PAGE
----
What You Need to Know About How a Lung Function Test Works for Your Child

What You Need to Know About How a Lung Function Test Works for Your Child

When you have concerns about how well your child is breathing, it’s important to figure out what’s causing their breathing difficulties and get treatment as quickly as possible. One of the best ways to learn more about how your child’s lungs are working is with a lung functioning test.

As pediatric care specialists in Victorville, California, Rainilda Valencia, MDMicaela Marin-Tucker, PA-C, and Megan Reynolds, C-PNP, use lung function tests as an important diagnostic tool at Valencia Pediatrics. Here’s what you can expect when your child needs a lung function test.

About lung function tests

A lung function test, which is sometimes also called a pulmonary function test, is a tool that measures how well your child’s lungs are working. Lung function tests measure various lung capacities, including your child’s ability to take in a volume of air, their lung capacity, and exhalation capacity.

Most commonly, our team uses lung function tests to diagnose and monitor children with asthma, but we can also use them to assess other conditions, including cystic fibrosis and chronic lung disease.

How a lung function test works

A lung function test is a quick, painless, in-office procedure our team performs at Valencia Pediatrics. We usually recommend a lung function test if you suspect your child has asthma or want to check how your child is responding to asthma treatment.

There are several different lung function tests we use to monitor your child.


This is the most common lung function test and one we use to diagnose asthma. During this test, your child takes a deep breath, then exhales into a spirometer.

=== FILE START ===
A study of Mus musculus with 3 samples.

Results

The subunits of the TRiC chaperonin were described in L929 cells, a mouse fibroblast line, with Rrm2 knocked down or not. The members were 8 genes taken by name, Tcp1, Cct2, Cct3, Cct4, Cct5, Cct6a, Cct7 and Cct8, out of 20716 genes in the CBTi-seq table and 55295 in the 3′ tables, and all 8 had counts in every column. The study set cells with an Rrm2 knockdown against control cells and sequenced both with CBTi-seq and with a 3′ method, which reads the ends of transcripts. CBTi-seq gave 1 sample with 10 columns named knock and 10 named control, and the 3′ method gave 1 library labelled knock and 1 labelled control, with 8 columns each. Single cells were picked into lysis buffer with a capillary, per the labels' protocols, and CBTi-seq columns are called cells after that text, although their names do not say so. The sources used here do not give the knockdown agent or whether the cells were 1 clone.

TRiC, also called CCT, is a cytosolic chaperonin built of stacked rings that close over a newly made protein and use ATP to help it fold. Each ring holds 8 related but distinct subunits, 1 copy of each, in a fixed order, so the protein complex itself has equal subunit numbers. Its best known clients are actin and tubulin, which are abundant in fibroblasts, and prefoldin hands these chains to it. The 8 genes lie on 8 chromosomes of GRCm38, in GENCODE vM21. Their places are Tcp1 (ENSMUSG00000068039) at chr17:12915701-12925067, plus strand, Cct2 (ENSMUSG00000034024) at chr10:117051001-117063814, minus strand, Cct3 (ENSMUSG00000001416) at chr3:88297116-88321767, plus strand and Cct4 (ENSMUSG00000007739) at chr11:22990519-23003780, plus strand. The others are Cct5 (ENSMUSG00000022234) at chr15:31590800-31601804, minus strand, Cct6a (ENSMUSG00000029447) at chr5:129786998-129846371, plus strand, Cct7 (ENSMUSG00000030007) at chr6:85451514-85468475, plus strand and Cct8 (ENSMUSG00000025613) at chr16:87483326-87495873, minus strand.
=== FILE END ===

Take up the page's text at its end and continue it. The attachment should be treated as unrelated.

This test shows the expiratory volume in your child’s lungs. We might perform it before and after your child takes an asthma medication to see if the medication is helping their breathing.

Peak flow meter

During a peak flow meter test, our providers hold a small device and have your child blow into it. This device also measures your child’s lung exhalation volume capacity.

FeNo test

A FeNo (fractional exhaled nitric oxide) test checks the level of inflammation present in your child’s lungs. Like a peak flow meter test, this test involves your child blowing into a small, handheld device.

Getting your child ready for a lung function test

Before a lung functioning test, you can prepare your child by letting them know they’ll use their maximum effort to breathe in and out, but the test won’t be painful or invasive. Before the test day, continue using all of your child’s medications unless we instruct you otherwise.

Your child should wear comfortable, relaxed clothing for the lung function test and avoid eating a big meal beforehand. Throughout the test, our team ensures your child is comfortable and encourages them to let us know if they feel dizzy from breathing hard or are experiencing any other difficulties.

Our team might repeat the lung function test several times to ensure accurate results. After getting results, we make recommendations for beginning, continuing, or changing your child’s treatment.

Lung function tests are a simple and noninvasive way to check that your child is breathing fully and well. If you have concerns your child might have asthma or other breathing difficulties, contact us today by calling 442-204-0019 to schedule an appointment.